An estimated 30% of people in the U.S. who have psoriasis will develop psoriasis arthritis in their lifetime. Maybe you are confused what it is. It is psoriasis or arthritis? Or is it both? This article will explain what psoriatic arthritis is, the types and diagnosis of psoriasis arthritis.
What is psoriatic arthritis?
Psoriatic arthritis is a long-term autoimmune disease characterized by a form of inflammation of the skin (psoriasis) and joints (inflammatory arthritis). The classic feature of psoriatic arthritis is swelling of entire fingers and toes with a sausage-like appearance. This often happens in association with changes to the nails such as small depressions in the nail, thickening of the nails, and detachment of the nail from the nailbed.Signs and symptoms of skin changes include patchy, itchy plaques, scaly, raised, red areas of skin inflammation with scaling. About 40 percent of psoriatic arthritis patients have a family history of psoriasis or arthritis. Psoriatic arthritis may be misdiagnosed as gout or rheumatoid arthritis. Psoriatic arthritis, unlike rheumatoid arthritis, may only need to be treated when symptoms arise.
Diagnosis of psoriatic arthritis
Psoriatic arthritis cannot be diagnosed with a simple blood test. However, symptoms of psoriatic arthritis are similar to those of RA, so a blood test will probably be ordered to rule out RA. X-rays are not always useful in diagnosing early-stage psoriatic arthritis. As the disease progresses, imaging tests can be used to see changes in the joints that are characteristic of this type of arthritis. CT scans and ultrasounds can help determine progression. People with psoriatic arthritis can be misdiagnosed with gout, a form of arthritis caused by too much uric acid in the body. Gout usually affects the big toes. Fluid can be taken from an affected joint to determine if it contains uric acid crystals. It is also possible to have gout, psoriasis, and psoriatic arthritis at the same time.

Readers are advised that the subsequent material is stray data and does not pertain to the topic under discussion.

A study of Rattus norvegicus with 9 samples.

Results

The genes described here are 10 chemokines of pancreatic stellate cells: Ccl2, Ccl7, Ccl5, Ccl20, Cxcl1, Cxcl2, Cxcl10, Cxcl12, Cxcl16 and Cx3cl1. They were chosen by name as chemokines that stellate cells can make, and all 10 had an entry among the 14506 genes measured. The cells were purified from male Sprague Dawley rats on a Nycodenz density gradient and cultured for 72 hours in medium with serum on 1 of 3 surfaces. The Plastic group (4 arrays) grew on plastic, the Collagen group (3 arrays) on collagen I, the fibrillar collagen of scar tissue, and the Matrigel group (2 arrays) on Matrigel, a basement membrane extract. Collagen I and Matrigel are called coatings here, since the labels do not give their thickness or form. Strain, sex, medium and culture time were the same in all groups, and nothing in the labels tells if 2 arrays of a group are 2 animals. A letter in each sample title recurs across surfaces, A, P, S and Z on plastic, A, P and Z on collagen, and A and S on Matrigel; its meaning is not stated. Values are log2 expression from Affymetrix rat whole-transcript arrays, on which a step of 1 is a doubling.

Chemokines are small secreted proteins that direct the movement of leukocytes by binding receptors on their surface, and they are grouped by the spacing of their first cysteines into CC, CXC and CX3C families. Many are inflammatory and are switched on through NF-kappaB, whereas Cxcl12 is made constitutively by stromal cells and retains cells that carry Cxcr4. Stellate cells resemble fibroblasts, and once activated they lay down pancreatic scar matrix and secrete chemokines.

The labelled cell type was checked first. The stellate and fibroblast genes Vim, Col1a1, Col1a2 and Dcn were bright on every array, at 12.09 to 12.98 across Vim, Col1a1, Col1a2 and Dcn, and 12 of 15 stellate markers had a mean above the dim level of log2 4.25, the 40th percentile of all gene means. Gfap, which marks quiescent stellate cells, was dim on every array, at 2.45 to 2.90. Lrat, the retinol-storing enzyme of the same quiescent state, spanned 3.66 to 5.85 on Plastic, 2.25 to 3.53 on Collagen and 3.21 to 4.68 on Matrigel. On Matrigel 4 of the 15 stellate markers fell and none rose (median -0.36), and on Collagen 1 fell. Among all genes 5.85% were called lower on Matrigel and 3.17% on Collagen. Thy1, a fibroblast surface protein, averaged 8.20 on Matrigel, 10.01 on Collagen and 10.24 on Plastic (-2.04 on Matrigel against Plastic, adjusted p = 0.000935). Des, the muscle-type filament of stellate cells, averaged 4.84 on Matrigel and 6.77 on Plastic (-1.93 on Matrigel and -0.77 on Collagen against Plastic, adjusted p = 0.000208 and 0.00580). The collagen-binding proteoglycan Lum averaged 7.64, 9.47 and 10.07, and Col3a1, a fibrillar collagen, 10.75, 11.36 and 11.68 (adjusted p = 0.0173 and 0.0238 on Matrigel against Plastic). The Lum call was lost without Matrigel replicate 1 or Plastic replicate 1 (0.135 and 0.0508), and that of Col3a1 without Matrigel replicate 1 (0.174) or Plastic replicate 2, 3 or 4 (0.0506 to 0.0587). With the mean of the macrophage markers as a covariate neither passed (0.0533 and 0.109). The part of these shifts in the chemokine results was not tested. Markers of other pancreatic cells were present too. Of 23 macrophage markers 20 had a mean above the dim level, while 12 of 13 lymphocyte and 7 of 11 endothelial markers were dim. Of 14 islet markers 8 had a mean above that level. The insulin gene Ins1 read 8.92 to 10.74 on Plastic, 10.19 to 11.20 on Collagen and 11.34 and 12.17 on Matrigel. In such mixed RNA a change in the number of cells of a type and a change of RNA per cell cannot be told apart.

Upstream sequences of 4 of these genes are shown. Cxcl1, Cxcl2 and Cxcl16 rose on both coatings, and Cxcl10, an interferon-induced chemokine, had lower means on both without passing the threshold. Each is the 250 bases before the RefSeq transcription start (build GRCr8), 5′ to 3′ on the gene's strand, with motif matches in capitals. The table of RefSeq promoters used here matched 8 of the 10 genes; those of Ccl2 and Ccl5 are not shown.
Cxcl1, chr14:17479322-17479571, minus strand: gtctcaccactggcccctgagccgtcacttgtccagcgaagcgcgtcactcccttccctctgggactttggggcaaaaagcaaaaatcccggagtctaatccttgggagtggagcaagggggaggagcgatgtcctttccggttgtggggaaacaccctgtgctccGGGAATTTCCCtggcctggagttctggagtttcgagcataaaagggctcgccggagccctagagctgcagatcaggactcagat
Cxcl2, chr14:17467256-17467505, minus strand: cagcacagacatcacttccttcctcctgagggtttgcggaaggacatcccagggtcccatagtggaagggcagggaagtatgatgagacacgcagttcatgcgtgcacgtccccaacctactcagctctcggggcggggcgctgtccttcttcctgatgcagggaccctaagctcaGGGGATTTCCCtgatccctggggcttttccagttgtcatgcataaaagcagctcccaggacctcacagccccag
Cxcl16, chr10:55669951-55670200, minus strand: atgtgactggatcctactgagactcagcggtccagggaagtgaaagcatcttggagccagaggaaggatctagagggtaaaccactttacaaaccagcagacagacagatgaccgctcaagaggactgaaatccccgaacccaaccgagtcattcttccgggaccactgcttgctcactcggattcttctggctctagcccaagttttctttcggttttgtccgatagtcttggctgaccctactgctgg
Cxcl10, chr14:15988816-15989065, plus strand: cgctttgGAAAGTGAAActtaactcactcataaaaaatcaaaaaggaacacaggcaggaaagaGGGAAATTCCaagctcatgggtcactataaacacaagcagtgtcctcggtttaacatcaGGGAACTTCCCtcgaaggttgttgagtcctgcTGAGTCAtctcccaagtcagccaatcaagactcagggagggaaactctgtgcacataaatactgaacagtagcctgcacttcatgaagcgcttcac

Types of psoriasis arthritis
Oligoarticular: It affects around 70% of patients and is generally mild. It does not occur in the same joints on both sides of the body and usually only involves fewer than 3 joints.
Polyarticular: It accounts for around 25% of cases, and affects five or more joints on both sides of the body simultaneously. It is most similar to rheumatoid arthritis and is disabling in around 50% of all cases.
Arthritis mutilans (M07.1): Affects less than 5% of patients and is a severe, deforming and destructive arthritis. This condition can progress over months or years causing severe joint damage. Arthritis mutilans has also been called chronic absorptive arthritis, and may be seen in rheumatoid arthritis as well.
Spondyloarthritis (M07.2): It is characterized by stiffness of the neck or the sacroiliac joint of the spine, but can also affect the hands and feet, in a similar fashion to symmetric arthritis.
Distal interphalangeal predominant (M07.0): This type of psoriatic arthritis is found in about 5% of patients, and is characterized by inflammation and stiffness in the joints nearest to the ends of the fingers and toes. Nail changes are often marked.